I've met hundreds of would-be property investors that have never even taken their first step towards turning their dream into a reality, because they feel inclined to believe the constant negative news reported on a daily basis.

They are often blinded by blatant myths about the returns they should (or won't be able to) achieve, the money they need to get started and the risks involved in building and running a property portfolio.

And added to that is the fear of being perceived as a 'greedy landlord'. Well, as legendary American basketball player, John Wooden, once said: "Be more concerned with your character, because your character is what you really are, while your reputation is merely what others think you are."

So it's time for a reality check and to put some of these common myths to bed.

Myth # 1 - Now is not the right time

I've said it before, and I'll say it again and again. There is never a bad time to invest in property. Yes, the price you pay for a property, the mortgage interest rate and the rent you can charge will always change. And of course, tax policies can change and legislation can increase. But this just means that you need to know what you're doing, employ a strategy that is suitable for the market conditions and take the best advice. I, for one, always look at long-term strategies so that my portfolio is not at the complete mercy of macro-economic changes.

No one should even consider investing in buy-to-let property - or any type of property for that matter - without conducting thorough research and stress-testing an investment against the unexpected.

People will always need warm and comfortable homes to live in too, even if their ultimate goal is to get on the housing ladder.

Myth # 2 - Property investment is for the rich

Let me first make it clear that you do need money - at least £100,000 in my opinion to be able to start building a meaningful buy-to-let business. But with more than half of the nation's net worth tied up in their own homes, that amount of money might be more accessible than you think.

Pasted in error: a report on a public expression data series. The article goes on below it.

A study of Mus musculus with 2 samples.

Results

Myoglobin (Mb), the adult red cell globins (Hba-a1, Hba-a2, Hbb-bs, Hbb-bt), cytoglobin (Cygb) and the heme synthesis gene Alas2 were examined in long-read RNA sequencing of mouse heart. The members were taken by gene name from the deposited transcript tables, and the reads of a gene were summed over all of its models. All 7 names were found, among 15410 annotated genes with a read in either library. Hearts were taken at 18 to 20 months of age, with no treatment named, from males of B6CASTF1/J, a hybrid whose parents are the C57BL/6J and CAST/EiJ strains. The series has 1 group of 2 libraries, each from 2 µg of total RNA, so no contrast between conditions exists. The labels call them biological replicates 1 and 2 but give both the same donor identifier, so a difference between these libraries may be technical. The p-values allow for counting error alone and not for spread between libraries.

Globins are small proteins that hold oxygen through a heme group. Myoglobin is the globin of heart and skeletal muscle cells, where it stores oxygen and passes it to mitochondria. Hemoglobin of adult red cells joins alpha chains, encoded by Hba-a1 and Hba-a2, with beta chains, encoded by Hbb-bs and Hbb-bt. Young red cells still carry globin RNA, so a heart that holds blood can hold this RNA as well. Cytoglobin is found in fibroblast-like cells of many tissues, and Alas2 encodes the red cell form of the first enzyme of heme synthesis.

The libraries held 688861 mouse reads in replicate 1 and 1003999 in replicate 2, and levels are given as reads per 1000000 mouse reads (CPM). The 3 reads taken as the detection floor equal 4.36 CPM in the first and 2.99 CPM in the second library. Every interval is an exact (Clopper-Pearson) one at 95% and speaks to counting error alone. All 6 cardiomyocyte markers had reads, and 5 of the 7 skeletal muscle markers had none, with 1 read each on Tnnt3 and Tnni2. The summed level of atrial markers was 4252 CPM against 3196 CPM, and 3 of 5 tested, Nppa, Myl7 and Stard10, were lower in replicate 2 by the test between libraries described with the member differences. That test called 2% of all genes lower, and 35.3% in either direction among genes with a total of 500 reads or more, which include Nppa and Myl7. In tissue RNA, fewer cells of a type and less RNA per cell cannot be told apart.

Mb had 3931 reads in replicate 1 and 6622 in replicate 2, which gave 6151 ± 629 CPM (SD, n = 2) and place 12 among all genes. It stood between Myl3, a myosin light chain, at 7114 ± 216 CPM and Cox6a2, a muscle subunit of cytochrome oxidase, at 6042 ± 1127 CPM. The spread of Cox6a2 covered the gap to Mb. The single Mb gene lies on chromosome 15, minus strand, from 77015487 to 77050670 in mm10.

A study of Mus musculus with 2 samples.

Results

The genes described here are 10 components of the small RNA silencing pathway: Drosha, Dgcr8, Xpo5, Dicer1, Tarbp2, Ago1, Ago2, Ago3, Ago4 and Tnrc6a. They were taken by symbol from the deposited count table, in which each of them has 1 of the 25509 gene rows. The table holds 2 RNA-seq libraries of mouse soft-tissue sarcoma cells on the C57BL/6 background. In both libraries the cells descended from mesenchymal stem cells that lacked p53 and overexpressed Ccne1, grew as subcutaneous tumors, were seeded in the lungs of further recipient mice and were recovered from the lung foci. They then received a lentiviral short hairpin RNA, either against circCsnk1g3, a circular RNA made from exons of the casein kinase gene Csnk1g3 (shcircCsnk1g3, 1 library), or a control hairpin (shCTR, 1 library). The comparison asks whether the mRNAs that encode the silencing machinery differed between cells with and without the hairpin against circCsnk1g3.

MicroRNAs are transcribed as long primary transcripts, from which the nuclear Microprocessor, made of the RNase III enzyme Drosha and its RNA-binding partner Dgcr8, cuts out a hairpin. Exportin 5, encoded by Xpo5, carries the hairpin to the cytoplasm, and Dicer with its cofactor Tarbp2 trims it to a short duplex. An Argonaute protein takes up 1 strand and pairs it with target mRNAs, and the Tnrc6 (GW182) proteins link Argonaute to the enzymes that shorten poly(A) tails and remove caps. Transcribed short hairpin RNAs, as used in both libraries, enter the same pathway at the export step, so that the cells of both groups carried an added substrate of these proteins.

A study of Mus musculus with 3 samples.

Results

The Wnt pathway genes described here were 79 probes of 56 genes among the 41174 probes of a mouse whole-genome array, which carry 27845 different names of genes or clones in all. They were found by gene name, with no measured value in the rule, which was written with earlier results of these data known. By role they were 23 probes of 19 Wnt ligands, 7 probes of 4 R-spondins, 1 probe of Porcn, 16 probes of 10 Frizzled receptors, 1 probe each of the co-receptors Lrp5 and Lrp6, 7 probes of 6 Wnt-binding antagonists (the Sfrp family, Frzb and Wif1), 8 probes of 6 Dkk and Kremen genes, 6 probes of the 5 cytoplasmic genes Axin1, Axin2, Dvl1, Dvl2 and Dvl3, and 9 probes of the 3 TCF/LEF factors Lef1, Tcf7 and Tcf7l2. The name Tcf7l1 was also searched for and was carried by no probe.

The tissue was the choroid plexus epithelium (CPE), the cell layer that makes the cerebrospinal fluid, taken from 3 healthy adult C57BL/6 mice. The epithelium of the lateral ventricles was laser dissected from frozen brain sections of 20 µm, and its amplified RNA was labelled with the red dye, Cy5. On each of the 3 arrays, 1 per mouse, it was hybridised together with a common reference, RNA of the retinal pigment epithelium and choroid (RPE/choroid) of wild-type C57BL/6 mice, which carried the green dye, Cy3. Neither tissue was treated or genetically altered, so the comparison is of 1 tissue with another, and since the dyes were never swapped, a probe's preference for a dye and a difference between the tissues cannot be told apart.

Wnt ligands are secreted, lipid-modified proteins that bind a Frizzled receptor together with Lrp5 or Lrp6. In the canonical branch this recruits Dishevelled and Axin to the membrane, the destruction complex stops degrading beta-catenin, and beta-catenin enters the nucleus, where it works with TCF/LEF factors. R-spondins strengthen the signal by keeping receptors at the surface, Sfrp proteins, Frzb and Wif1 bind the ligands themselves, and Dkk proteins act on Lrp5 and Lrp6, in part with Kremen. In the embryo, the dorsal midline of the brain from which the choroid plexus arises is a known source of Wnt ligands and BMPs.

The majority of landlords in this country are hard-working individuals with blue and white collar jobs who have invested wisely and understand how to use leverage to their advantage. Most of them only have one or two buy-to-let properties, which will be a godsend in retirement. Some of these properties don't generate any income; some of them generate enough to send a child to university; and some of them generate enough to replace a salary.

Yes, investing in property can effectively 'make you rich' (or better off than you were before), but it's not an asset class specifically designed for the rich. And this is down to the ability to 'borrow' money, like you can when you start any other type of business.

But, and this is a big but, being too highly leveraged can be risky. This is why the recent enforcement of stricter buy-to-let lending criteria is welcome in my opinion. It forces existing and potential investors to evaluate the current and future sustainability of their properties.

Myth # 3 - It's all about capital growth

Boom and bust cycles are a given in the property market. No one should ever naively think that property prices are always on the up (although it is proven that they will recover and increase over time). This is why property development and buy-develop-sell strategies are higher risk than buy-to-let, because there is always a reliance on the market staying buoyant when it comes to selling.

Buy-to-let on the other hand is often a longer-term strategy. And while capital growth is usually the aim for a lot of investors, these types of properties have the potential to also produce an income - and that should be a key focus.

A high level of cash flow gives investors added protection against the downsides, such as interest rate rises, increases in legislation costs and void periods, all of which are inevitable at some point. This is why I chose to develop a specialist buy-to-let model that generates four times the income than a standard rental property.

Myth # 4 - It's easy

OK, so it doesn't have to be hard, but being a landlord is definitely not easy. It's not like passively investing some or all of your pension in a commercial property fund, sitting back and waiting for the returns to roll in.

You can of course hand your entire portfolio management over to a letting agent, but that will eat into any profits. Research from Spareroom.co.uk also found that 87% of tenants prefer dealing directly with their landlord. So if you want to build and run a proper buy-to-let business, then you need to make sure you have the time to invest as well as the money.

You'll need to source properties, refurbish them find tenants and deal with their enquiries. It can be hard work at times, but also very rewarding in both a personal and financial sense.


The moral of the story? Bad news is good news, so that's why you'll hear more of it, but don't take what you read, see and hear at face value. Do you research and talk to experts; people who have been there and done it.

Most importantly, take action and stop procrastinating. If property investment is what you want to do, take action. The only bad time to invest in property is later, as I like to say.